Teaching/Learning Guides
Silk Road Reference Materials

Current subdivisions:

*Reference Works for the Islamic World
*Other Encyclopedias


  • History of the Civilizations of Central Asia, 5 vols. to date (Paris: UNESCO Publishing, 1992-2000). There is also an Indian reprint of the first volumes but with illustrations of inferior quality to those in the original.
    The coverage is as follows:
  • Vol. I. The dawn of civilization: earliest times to 700 B.C.
  • Vol. II. The development of sedentary and nomadic civilizations: 700 B.C. to A.D. 250
  • Vol. III. The crossroads of civilizations: A.D. 250 to 750
  • Vol. IV. The Age of Achievement: A.d. 750 to the end of the fifteenth century. Part I: The historical, social and economic setting
  • Vol. IV. The age of achievement: A.D. 750 to the end of the fifteenth century. Part II: The achievements.
  • Although these volumes can be read sequentially, probably most will wish to use them for reference. All are by leading specialists, from various countries and academic traditions (some of the material on religion, for example, seems to be treated from somethng of a Marxist viewpoint). As with any collectively authored work, the individual sections will vary considerably in style and readability. Many chapters are fully accessible to the general reader; but others are much more specialized. One virtue of the material is that it incorporates recent archaeological evidence. Each volume contains abundant illustrations (until the most recent volume, only in black and white) and a number of carefully drawn maps. Every chapter has a substantial bibliography of materials in various languages.

  • Cambridge Encyclopedias and Histories. There are various single and multi-volume histories published by Cambridge University Press. Some are intended for a general audience; others are more specialized. All are written by academic specialists; most volumes are collectively authored. Some of the single volume works are available now in paperback; there may also be more recent editions than the ones I cite. I have chosen to list the "illustrated histories" on my history pages, since those books are generally very good for the beginner wanting general information.
  • The Cambridge Encyclopedia of India, Pakistan, Bangladesh, Sri Lanka, Nepal, Bhutan and the Maldives, Francis Robinson, ed. (1989)
  • The Cambridge History of Early Inner Asia, Denis Sinor ed. (1990). Essays on pre-Mongol Inner Asia by the best experts on that difficult history. While the volume can be read through with profit, its rather dry and often detailed emphasis on political history does not encourage the casual reader. The value of the book can be really appreciated as one begins to acquire enough knowledge to put the essays into a meaningful broader context.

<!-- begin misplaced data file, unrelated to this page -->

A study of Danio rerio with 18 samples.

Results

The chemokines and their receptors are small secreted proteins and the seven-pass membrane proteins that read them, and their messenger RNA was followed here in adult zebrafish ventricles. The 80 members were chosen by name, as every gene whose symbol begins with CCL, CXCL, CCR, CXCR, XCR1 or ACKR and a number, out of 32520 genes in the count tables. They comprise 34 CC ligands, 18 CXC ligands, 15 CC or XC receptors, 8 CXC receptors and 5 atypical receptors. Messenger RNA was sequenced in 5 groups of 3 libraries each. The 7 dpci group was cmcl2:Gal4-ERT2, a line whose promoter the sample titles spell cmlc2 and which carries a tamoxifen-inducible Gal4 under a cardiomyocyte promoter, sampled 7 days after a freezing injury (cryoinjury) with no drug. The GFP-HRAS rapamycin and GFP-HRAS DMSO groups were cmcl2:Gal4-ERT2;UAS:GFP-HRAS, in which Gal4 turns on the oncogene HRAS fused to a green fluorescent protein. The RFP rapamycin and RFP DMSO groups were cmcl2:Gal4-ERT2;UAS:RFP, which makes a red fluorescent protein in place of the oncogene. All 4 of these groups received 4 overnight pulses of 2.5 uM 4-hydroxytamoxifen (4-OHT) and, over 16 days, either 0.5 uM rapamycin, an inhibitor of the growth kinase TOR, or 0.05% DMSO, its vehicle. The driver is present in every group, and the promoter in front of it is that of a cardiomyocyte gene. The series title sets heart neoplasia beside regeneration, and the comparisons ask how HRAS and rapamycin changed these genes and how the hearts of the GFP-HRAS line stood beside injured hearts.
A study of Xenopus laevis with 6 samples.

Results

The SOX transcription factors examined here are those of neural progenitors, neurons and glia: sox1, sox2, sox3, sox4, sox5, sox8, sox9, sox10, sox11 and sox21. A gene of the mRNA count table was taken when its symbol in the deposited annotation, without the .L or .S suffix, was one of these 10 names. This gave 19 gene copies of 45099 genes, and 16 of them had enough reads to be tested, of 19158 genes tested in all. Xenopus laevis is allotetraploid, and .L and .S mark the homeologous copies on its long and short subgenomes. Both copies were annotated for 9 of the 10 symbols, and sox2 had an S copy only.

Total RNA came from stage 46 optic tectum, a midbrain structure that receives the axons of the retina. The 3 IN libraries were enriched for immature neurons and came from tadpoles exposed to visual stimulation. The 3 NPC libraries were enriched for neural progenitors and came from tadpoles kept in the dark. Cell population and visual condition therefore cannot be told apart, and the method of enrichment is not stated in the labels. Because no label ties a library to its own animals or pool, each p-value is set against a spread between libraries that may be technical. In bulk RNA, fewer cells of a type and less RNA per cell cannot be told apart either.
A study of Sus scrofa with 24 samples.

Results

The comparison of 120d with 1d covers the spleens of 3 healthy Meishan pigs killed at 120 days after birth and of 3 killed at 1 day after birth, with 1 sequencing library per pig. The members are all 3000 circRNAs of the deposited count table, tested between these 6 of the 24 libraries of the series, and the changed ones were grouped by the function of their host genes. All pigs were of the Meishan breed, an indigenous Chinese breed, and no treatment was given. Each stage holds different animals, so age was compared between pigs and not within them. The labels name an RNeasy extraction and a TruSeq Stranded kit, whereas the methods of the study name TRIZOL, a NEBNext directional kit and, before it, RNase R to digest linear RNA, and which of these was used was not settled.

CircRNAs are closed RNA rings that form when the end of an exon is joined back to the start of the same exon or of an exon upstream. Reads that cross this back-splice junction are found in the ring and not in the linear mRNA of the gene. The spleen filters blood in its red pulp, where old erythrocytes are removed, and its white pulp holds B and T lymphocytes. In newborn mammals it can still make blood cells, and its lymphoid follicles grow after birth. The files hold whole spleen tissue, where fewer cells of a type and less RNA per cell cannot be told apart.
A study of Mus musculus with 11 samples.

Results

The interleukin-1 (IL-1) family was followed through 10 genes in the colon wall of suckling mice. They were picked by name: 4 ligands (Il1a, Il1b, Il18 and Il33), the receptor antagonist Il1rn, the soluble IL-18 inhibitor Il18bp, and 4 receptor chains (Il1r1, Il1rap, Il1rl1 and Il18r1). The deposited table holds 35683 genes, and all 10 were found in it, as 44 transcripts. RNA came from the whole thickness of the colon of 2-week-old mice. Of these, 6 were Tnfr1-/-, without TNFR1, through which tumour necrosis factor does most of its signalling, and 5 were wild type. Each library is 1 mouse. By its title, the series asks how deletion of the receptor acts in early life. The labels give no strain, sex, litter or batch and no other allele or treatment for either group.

• The Cambridge History of China, Denis Twitchett and John K. Fairbank, general editors (Cambridge [Eng.]; New York : Cambridge University Press, 1978-). Of a projected 15 volumes, the following volumes have been published to date: v. 1. The Ch'in and Han Empires, 221 B.C.-A.D. 220 -- v. 3. Sui and T'ang China, 589-906, pt. 1 -- v. 6. Alien regimes and border states, 907-1368 -- v. 7. The Ming dynasty, 1368-1644, pt. 1 -- v. 8. The Ming dynasty, 1368-1644, pt. 2 -- v. 10-11. Late Ch`ing, 1800-1911 -- v. 11. Late Ch`ing, 1800-1911, pt. 2 -- v. 12-13. Republican China, 1912-1949 -- v.14-15. The People's Republic.
  • The Cambridge history of Iran (Cambridge: University Press, 1968-). Contents: v. 1. The land of Iran / edited by W. B. Fisher -- v. 2. The Median and Achaemenian periods / edited by Ilya Gershevitch -- v. 3. The Seleucid, Parthian, and Sasanian periods / edited by Ehsan Yarshater (2 pts.) -- v. 4. The period from the Arab invasion to the Saljuqs -- v. 5. The Saljuq and Mongol periods / edited by J. A. Boyle --v. 6. The Timurid and Safavid periods / edited by Peter Jackson and Laurence Lockhart--v.7. From Nadir Shah to the Islamic Republic / edited by Peter Avery.
  • Reference Works for the Islamic World

  • *Index Islamicus, 1665-1905 : A Bibliography of Articles on Islamic Subjects in Periodicals and Other Collective Publications. Wolfgang Behn, comp. (Millersville, Pa.: Adiyok, c1989);
    *Index Islamicus. An ongoing bibliography starting with coverage from 1906. Some libraries have a CD-ROM version which covers 1906-1999 and may be accessed on-line by members of the subscribing institution. Quarterly supplements are issued in hard copy.
  • *The Encyclopaedia of Islam. 10 vols. to date (2nd ed.) (Leiden: Brill, 1960-). For the end of the alphabet, one can still consult the first edition, but the material there is now quite dated. The first 9 volumes of the second edition (A-S) and supplements are now most conveniently accessed on a CD-ROM at workstations in many libraries. The CD-ROM version has the advantage of linked cross-referencing. This is an authoritative reference work, somewhat difficult of access until one learns the correct formal transliteration system which is used for the entries. A Turkish translation of the first edition exists, to which new entries have been added concerning Turkish topics.
    *Islamic Desk Reference. Compiled from The Encyclopaedia of Islam by E. van Donzel (Leiden ; New York: E.J. Brill, 1994).
  • Other Encyclopedias

  • The Encyclopaedia Iranica. 9 vols. to date (10th was promised for publication in Spring 2001) of a projected 25-30 vols. (London; Boston; Costa Mesa, 1982-). Vols. 1-8 (A-E) are also available on-line: vols. 1-6 in pdf format requiring the Adobe Acrobat reader and 7-8 requiring downloading of a special font in order to view the proper transliteration of the names. Of particular interest are the long entries on "Central Asia" and on "Chinese-Iranian Relations" in Vol. 5.

    2001 Daniel C. Waugh. Last updated December 23, 2001.